May 27, 2022, 3:49 PM | Updated: 3:55 pm
Cottonwood Heights Zane James Casey Davies...
Cottonwood Heights police cruisers in Cottonwood Heights on Friday, June 26, 2020. Emergency personnel safely rescued a woman from a house in Cottonwood Heights on Monday, July 18, 2022.

SALT LAKE CITY — The Salt Lake County District Attorney’s office (DA) has determined that the use of deadly force with a patrol car by a Cottonwood Heights Police officer on May 29, 2018 was not justified. However, the DA’s office will not file charges against the officer.

The ruling is based on new evidence provided to the DA’s office in the case of a 2018 shooting. That shooting involved Cottonwood Heights Police officer Casey Davies, who shot Zane Anthony James. James died two days later.

Zane was reportedly fleeing the scene of a robbery in Sandy, Utah when he encountered off-duty officer Casey Davies.

While the shooting is not in question said Salt Lake County DA Sim Gill in a letter, what became questionable was whether Officer Davies hit James with his patrol car while James was on a motorcycle.  After the car hit James, Officer Davies fired his weapon which lead to James’ death.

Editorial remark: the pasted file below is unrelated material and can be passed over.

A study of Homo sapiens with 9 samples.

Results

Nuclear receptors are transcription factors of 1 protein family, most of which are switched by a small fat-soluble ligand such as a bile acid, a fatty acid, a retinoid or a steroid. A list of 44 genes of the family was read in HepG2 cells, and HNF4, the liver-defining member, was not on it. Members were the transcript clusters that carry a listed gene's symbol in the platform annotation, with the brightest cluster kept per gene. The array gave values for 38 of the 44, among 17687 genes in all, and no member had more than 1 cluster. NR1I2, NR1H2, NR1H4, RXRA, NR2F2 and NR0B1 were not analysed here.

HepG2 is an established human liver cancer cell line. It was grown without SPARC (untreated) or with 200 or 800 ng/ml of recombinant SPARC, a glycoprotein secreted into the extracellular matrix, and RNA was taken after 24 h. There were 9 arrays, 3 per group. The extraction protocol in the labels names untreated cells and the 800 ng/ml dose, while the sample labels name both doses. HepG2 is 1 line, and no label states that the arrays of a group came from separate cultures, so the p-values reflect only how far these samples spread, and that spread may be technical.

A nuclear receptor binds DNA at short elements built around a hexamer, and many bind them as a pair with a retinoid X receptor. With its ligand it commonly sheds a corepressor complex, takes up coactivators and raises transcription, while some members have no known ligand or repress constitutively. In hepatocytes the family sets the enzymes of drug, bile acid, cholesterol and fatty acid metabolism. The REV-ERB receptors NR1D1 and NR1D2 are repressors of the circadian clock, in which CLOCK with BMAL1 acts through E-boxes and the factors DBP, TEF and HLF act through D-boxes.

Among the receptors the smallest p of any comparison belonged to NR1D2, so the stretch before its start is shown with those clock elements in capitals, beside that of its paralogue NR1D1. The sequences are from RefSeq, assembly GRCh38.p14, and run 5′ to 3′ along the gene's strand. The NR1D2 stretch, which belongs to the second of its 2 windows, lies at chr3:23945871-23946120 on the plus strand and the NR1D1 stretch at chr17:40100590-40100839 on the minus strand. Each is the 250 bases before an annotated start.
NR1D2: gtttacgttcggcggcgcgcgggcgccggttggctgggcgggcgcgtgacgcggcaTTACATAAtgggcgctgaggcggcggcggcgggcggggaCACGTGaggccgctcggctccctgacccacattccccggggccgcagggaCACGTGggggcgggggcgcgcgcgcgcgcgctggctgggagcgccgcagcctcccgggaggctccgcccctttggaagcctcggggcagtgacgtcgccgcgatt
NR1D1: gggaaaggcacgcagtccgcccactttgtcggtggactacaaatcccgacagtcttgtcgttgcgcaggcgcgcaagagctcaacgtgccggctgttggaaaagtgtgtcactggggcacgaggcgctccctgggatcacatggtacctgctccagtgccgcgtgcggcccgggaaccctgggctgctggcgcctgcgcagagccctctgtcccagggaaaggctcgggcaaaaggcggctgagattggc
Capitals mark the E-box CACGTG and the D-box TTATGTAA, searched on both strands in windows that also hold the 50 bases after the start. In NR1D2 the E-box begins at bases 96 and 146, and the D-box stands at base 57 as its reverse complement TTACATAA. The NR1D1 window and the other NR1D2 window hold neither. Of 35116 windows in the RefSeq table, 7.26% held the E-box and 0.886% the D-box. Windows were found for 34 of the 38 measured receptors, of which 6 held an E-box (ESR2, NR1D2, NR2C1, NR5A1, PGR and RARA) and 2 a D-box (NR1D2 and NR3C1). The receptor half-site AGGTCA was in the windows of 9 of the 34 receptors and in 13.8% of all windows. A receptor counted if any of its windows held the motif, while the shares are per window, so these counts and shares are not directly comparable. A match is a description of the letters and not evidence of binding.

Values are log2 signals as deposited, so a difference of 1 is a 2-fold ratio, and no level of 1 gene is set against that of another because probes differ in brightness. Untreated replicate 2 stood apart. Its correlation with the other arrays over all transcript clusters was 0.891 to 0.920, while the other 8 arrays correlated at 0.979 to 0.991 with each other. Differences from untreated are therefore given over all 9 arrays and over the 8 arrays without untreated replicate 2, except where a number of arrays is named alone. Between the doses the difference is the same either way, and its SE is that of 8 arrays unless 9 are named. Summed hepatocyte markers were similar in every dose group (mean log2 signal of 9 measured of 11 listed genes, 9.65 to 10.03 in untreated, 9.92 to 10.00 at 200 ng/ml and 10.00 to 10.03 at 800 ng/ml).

New evidence led to DA’s decision

After the initial Officer Involved Critical Incident investigation in 2018, a task force made up of officers outside the Cottonwood Heights Police force presented information about the incident to the DA’s office. At that time, the DA’s office determined criminal charges against Officer Davies were not warranted.

However, the DA’s office did not address the incident involving the patrol car and James’ motorcycle.

That information came to light in a civil suit filed by James’ parents. They had obtained a statement made by Davies as part of the investigation, in which he allegedly said he made the decision to run James over.

Cottonwood Heights police asked Salt Lake City to investigate once they learned about the new evidence earlier this year, which eventually led to Gill’s review.

Gill is not pursuing criminal charges against the officer, saying he lacks evidence to prove the collision was intentional or reckless.